Reflecting on Eight Years of Success – Merger of MIAHS into Northwestern Benefits Everyone


    "I didn’t like the change," says Miller. "Looking back, I can see now that it had to happen; the school would have had to close if it hadn’t merged into Northwestern. But a lot of us at MIAHS couldn’t see how we would fit in at the University. We were terrified the program would lose its heart and soul."

    Eight years later, Miller, who graduated from the Minnesota College of Acupuncture and Oriental Medicine (which was what MIAHS became) in 2002, says the merger was great for the program.

    "I never thought I’d say this, but it was the right move," she says. "The resources we have access to – the library, the bookstore, the labs – are so much better than what was available at MIAHS. Our bookstore was in a funky broom closet. You had to snag a member of the administration to use it. And having access to the full-time Chinese professors is wonderful!"

    Mark McKenzie, LAc, MaOM, is now the dean of MCAOM, which boasts an enrollment of nearly 100 students, but he began his studies at MIAHS. Looking back, he says he can see dramatic changes to the program – changes that ultimately strengthened it.

    For example, the ability to hire full-time faculty is a huge asset for MCAOM. With part-time faculty, it was often difficult for students to get access to professors outside of class time. Additionally, a large number of the full-time faculty at Northwestern are trained in traditional Chinese medicine at its source – China.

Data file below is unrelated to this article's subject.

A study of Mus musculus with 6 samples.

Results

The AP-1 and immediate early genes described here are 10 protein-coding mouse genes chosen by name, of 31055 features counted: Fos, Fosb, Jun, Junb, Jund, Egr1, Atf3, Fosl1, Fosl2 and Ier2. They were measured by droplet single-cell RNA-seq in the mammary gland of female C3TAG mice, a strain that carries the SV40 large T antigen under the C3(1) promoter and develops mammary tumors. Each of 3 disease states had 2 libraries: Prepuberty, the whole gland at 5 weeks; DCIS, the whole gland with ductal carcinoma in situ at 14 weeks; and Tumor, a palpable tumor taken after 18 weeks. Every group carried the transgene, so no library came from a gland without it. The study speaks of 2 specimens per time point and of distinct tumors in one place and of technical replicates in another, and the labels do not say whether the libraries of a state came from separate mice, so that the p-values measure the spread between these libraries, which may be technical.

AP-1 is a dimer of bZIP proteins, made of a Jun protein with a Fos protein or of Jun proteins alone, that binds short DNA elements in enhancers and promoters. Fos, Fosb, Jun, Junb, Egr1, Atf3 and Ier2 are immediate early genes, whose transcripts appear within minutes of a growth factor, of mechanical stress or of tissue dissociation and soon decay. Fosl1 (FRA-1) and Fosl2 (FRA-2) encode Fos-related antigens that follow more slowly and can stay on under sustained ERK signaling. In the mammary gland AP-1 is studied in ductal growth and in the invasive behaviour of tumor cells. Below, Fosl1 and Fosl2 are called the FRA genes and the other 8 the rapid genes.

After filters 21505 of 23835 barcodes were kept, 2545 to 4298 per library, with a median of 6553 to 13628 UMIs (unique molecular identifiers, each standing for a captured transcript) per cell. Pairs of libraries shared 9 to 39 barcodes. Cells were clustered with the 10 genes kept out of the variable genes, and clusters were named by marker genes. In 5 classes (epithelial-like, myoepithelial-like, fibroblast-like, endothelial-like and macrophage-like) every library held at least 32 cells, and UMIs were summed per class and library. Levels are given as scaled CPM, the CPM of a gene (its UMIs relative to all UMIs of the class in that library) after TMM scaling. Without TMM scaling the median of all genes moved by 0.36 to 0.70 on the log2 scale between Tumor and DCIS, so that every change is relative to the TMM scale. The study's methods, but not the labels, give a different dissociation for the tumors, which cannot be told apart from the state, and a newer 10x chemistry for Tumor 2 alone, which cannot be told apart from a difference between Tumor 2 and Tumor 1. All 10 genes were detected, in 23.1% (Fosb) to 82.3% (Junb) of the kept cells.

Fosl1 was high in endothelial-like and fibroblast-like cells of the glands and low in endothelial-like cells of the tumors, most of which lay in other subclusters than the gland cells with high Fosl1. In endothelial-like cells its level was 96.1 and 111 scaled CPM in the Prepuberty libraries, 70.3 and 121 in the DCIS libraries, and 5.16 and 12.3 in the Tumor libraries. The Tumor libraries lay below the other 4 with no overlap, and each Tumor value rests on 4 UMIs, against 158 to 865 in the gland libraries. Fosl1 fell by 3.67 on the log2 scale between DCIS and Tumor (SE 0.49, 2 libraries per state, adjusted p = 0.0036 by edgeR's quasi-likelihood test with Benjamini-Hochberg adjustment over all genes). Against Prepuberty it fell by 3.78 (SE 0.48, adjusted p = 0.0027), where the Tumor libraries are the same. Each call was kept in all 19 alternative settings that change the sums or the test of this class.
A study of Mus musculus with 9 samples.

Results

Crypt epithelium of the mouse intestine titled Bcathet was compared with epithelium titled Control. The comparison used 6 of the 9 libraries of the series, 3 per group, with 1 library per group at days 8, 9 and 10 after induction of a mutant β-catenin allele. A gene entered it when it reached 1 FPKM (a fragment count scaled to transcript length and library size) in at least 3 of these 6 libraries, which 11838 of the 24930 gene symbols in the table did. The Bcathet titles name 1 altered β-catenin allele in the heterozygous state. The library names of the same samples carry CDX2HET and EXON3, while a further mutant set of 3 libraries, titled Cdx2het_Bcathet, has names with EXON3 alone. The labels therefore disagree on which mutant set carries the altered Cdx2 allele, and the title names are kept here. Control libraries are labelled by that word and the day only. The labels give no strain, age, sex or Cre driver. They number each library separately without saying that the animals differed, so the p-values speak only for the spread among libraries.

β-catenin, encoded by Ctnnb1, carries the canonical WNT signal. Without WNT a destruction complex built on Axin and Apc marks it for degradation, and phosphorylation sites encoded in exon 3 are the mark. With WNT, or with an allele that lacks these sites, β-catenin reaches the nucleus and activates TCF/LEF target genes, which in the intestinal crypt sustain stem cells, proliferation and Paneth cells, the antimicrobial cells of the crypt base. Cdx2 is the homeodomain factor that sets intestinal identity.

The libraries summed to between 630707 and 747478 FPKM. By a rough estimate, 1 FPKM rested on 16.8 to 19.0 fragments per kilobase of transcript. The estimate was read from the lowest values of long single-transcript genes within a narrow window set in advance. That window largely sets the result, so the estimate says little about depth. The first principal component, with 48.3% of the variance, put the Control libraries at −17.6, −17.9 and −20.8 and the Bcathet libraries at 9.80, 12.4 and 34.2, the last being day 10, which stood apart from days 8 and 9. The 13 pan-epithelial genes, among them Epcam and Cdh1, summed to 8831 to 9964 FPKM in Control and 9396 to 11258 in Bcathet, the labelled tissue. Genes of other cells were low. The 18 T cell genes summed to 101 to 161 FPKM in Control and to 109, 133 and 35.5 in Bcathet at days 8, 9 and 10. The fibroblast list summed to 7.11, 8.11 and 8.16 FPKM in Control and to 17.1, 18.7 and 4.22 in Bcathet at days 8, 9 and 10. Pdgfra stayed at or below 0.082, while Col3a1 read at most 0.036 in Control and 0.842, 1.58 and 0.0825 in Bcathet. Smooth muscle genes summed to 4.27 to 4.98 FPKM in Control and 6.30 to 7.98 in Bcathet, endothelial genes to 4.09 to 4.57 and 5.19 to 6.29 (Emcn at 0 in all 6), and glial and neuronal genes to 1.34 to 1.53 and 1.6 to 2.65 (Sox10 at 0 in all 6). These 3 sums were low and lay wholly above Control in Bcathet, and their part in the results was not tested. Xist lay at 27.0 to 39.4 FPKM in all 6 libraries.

In addition, the physical facilities at the University are far superior to MIAHS’s old home, says McKenzie. Students at Northwestern have access to a 10,000-square-foot library, the cadaver lab, and computer labs. "These things just are not available at a lot of other schools in the country," he says.

    McKenzie adds that the University setting gives prospective students a different perception of the program. "The University’s reputation gives the MCAOM program credibility," he says. "I also think being a part of the University will open up additional clinical opportunities for our students that would probably not happen without our association with the University."

    For example, in 2005, Northwestern began partnering with Abbott Northwestern Hospital to offer acupuncture services to patients.

    Overall, McKenzie and Miller agree that the addition of acupuncture and Oriental medicine to the University has been beneficial for everyone involved.

    "It’s been better for the students and for the profession in Minnesota," says McKenzie. "At the University, we are able to expose our students to other health care professions, which allows our students to develop relationships with other providers. Ultimately that benefits graduates as they become practitioners."

    Miller concurs. "We have a lot to learn from each other," she says. "All the programs add to the flavor at Northwestern and make it greater than the sum of its parts. This is an awesome place where people can practice their passions and each program can celebrate itself while working together for the greater good."

    Northwestern Health Sciences University offers a wide array of choices in natural health care education including chiropractic, Oriental medicine, acupuncture, therapeutic massage, human biology, and integrative health and wellness. The University has 800 full-time students on a 25-acre campus in Bloomington, Minn. Visit www.nwhealth.edu.